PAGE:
Governor Sununu signed an executive order on Wednesday aimed at streamlining the process for schools to recoup costs of providing Medicaid-eligible services.
The order will expedite the licensing and credentialing process for providers who work in schools but lack a license as a Medicaid participating provider, thus making their services ineligible for Medicaid reimbursement.
These services range from speech pathology to psychological services, and for some schools, such as Concord, Manchester, and Rochester, Medicaid reimbursements total over a million dollars annually.
But confusion over the state’s Medicaid to Schools program has stalled reimbursement processes for many school districts. The problems began in July, when the Center for Medicare and Medicaid Services (CMS) issued guidelines explaining that districts couldn’t get reimbursed for services unless the provider was properly lisenced with a health-related licensing board.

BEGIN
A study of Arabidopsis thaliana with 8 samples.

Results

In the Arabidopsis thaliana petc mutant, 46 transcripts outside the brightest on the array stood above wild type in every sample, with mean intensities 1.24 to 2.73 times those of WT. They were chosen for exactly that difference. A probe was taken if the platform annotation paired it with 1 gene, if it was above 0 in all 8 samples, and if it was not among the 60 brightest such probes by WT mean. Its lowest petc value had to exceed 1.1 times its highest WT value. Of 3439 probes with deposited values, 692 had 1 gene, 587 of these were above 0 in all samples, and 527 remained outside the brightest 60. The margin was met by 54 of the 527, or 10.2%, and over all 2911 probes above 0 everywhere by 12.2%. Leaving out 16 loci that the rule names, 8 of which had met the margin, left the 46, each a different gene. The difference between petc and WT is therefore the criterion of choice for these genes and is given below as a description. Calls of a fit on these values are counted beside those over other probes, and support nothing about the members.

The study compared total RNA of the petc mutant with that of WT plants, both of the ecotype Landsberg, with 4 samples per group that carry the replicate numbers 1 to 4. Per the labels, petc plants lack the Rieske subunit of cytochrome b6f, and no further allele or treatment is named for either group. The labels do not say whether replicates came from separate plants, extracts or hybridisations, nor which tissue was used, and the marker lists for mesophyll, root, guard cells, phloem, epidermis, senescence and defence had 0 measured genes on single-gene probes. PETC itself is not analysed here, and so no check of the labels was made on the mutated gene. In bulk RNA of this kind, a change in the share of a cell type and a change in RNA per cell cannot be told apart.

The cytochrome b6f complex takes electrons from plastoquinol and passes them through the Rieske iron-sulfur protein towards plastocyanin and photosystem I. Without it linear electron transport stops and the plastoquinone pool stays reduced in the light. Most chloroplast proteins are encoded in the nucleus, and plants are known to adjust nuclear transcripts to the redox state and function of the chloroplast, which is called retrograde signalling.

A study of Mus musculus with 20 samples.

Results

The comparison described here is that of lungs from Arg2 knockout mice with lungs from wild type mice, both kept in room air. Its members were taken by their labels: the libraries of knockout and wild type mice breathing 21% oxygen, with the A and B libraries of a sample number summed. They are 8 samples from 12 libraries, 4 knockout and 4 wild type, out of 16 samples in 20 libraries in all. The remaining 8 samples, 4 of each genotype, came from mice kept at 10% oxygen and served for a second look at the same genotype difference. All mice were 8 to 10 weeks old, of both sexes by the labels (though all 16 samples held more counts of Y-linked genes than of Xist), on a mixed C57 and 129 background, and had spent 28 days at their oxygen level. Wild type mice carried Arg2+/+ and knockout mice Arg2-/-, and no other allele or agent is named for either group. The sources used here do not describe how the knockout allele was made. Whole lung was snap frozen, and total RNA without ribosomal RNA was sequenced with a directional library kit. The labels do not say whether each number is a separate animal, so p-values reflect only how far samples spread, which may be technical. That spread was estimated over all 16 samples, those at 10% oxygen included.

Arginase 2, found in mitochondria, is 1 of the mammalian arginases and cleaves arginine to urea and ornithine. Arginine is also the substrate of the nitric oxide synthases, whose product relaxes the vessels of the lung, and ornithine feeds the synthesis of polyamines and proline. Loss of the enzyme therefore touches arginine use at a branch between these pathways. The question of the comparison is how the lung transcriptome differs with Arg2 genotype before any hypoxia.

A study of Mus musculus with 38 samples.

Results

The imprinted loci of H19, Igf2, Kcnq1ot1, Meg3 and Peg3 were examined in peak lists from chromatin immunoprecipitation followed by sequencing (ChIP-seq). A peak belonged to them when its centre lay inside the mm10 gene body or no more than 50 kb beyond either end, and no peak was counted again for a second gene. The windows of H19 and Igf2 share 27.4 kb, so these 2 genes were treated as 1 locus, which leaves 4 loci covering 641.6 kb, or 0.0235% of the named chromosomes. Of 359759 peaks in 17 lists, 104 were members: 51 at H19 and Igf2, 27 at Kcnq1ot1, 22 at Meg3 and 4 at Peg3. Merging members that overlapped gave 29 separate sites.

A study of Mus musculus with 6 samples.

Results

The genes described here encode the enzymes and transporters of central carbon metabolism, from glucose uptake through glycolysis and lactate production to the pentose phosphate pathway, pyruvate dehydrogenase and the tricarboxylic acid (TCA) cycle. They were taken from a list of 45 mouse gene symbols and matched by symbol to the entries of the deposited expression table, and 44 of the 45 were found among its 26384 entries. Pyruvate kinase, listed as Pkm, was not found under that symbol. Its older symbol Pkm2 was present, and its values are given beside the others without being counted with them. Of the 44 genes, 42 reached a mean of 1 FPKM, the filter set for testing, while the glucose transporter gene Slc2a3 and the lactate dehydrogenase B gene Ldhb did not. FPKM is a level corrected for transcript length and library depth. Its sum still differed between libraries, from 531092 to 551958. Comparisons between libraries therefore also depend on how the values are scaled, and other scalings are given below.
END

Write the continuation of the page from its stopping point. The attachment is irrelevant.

It warned New Hampshire that if it did not reach compliance with the rules, it would face millions of dollars in federal fines.
Some schools blamed the state for not clarifying these rules earlier and have since modified their budgets to absorb costs they previously billed for.
“We’re talking about 172 districts that for a year or so could bill for services, that all of a sudden they’ve hit this barrier,” Governor Sununu said after signing the executive order. “This is all about breaking down the barriers and streamlining the processes for them.”
In addition to the executive order, Senator Jay Kahn (D) and Senator James Gray (R) have drafted legislation that, among other things, would streamline Medicaid licensing processes for staff already credentialed by the Department of Education.
In a statement, Senate Majority Leader and Democratic gubernatorial candidate Dan Feltes criticized Governor Sununu for his handling of the Medicaid to Schools program, calling it a “political stunt” that “barely puts a band-aid on the self-inflicted damage caused by the Sununu administration.”
Senator Gray responded, writing that the effort “is about kids and not politics,” and that “the work that was announced today was the result of weeks of bipartisan collaboration and cooperation.”